Do you always count how many devices are on a circuit? How do you go about that? Turn a breaker off then search the home to see what is not working? How much additional time does this take?

I don’t trace circuits or turn breakers on and off. The closest I come to that is using the test button on the AFCI breakers.

He may have had the electrical plans from the renovation.

It was new construction and I saw only one AFCI at the panel so I wondered immediately if all bedrooms were protected by an AFCI or if all bedrooms were on this single circuit. I will trip the AFCI in a new home inspection if it is empty (no appliances or computer and such plugged in) to check that all outlets are protected. It takes some time because I check all the outlets with the breaker off, then check them all again with the breaker on. A couple of trips up and down the stairs and a couple of laps through the rooms.

After I realized they were all on the same circuit I decided to count them.

Thanks for the update. I was just wondering if you did this on all inspections.

The NEC rule is to count each individual receptacle 180 VA or two receptacles on a single yoke as 180 VA. However, is is common for local jurisdictions to override the NEC when it comes to branch circuit calculations. A common alternative is to use a Wattage schedule instead.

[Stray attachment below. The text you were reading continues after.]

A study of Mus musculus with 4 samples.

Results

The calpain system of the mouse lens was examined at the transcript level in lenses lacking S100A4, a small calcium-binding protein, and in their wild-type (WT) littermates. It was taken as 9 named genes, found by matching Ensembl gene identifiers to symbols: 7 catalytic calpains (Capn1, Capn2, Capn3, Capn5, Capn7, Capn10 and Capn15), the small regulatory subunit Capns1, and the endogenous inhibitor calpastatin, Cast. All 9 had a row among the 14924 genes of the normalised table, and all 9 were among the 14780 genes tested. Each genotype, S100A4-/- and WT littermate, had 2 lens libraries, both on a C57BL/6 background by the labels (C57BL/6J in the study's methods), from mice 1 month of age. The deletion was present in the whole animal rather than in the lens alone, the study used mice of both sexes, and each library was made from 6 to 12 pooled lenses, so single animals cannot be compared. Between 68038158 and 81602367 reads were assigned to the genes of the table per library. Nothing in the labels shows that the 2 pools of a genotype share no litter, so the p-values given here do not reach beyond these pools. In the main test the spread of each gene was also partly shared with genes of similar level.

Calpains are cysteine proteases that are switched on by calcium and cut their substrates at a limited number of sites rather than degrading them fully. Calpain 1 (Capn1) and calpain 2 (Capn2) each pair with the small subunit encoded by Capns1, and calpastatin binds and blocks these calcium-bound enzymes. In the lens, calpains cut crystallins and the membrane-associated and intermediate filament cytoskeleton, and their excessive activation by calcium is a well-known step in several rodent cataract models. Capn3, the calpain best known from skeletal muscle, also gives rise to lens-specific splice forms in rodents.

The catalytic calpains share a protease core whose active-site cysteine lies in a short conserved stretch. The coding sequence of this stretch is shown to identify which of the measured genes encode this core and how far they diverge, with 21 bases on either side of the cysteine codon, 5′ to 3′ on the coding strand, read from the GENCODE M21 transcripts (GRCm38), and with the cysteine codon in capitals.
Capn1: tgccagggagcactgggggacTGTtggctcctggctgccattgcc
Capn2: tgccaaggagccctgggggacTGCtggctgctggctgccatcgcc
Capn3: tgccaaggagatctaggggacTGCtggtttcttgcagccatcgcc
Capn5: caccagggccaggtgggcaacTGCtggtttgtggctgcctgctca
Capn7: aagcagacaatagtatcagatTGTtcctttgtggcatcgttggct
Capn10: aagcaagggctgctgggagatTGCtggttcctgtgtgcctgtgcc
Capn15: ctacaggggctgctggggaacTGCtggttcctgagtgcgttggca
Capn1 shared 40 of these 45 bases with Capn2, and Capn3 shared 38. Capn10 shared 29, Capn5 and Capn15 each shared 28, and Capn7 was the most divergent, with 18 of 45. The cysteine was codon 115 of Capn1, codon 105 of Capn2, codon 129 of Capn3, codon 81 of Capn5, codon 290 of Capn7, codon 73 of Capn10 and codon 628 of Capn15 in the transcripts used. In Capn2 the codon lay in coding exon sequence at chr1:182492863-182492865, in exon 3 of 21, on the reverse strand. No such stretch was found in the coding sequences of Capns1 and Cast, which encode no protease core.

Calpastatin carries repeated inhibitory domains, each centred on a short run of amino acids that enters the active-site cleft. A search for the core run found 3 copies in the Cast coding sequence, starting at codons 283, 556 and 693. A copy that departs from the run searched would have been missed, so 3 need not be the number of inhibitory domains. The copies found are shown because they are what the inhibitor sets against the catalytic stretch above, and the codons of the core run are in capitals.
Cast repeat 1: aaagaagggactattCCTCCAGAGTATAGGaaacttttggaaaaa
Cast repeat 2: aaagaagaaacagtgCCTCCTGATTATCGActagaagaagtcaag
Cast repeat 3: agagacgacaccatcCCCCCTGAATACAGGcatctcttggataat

In jurisdictions that do not use the NEC 180 VA rule, it is rare to see convenience receptacles rated at less than 90 VA or 90 Watts each. There are some exceptions such as clock receptacles. Clock receptacles are sometimes counted as only 60 VA or 60 Watts. Calculations are based on a nominal Voltage of 120V, which is the US standard.

At 180 VA for each receptacle, a 15 Ampere circuit would be limited to 10 receptacles and a 20 Ampere circuit would be limited to 13 receptacles.

In this instance, you are asking about new construction. It should be noted, however, that it is common for local jurisdictions to have what are commonly called “Old Work” codes. An Old Work calculation can yield very different results than a New Work calculation. If you are going to be doing branch circuit calculations, you need to also know what the requirements were for the installation when the work was done.

It is also worth noting that while a Watt and a Volt-Ampere are not the same thing, they are typically regarded as being equal in residential construction because power factor is considered to be unity in residential calcuations. One Watt is equal to one Volt-Ampere at unity PF. The NEC favors the use of Volt-Amperes because the results of calculations that take power factor into account are more meaningful than Wattage calculations.

None of this 180 VA calculation applies to a residential dwelling so it’s not a matter of the jurisdiction *allowing* it to be exceeded. The NEC simply doesn’t require it.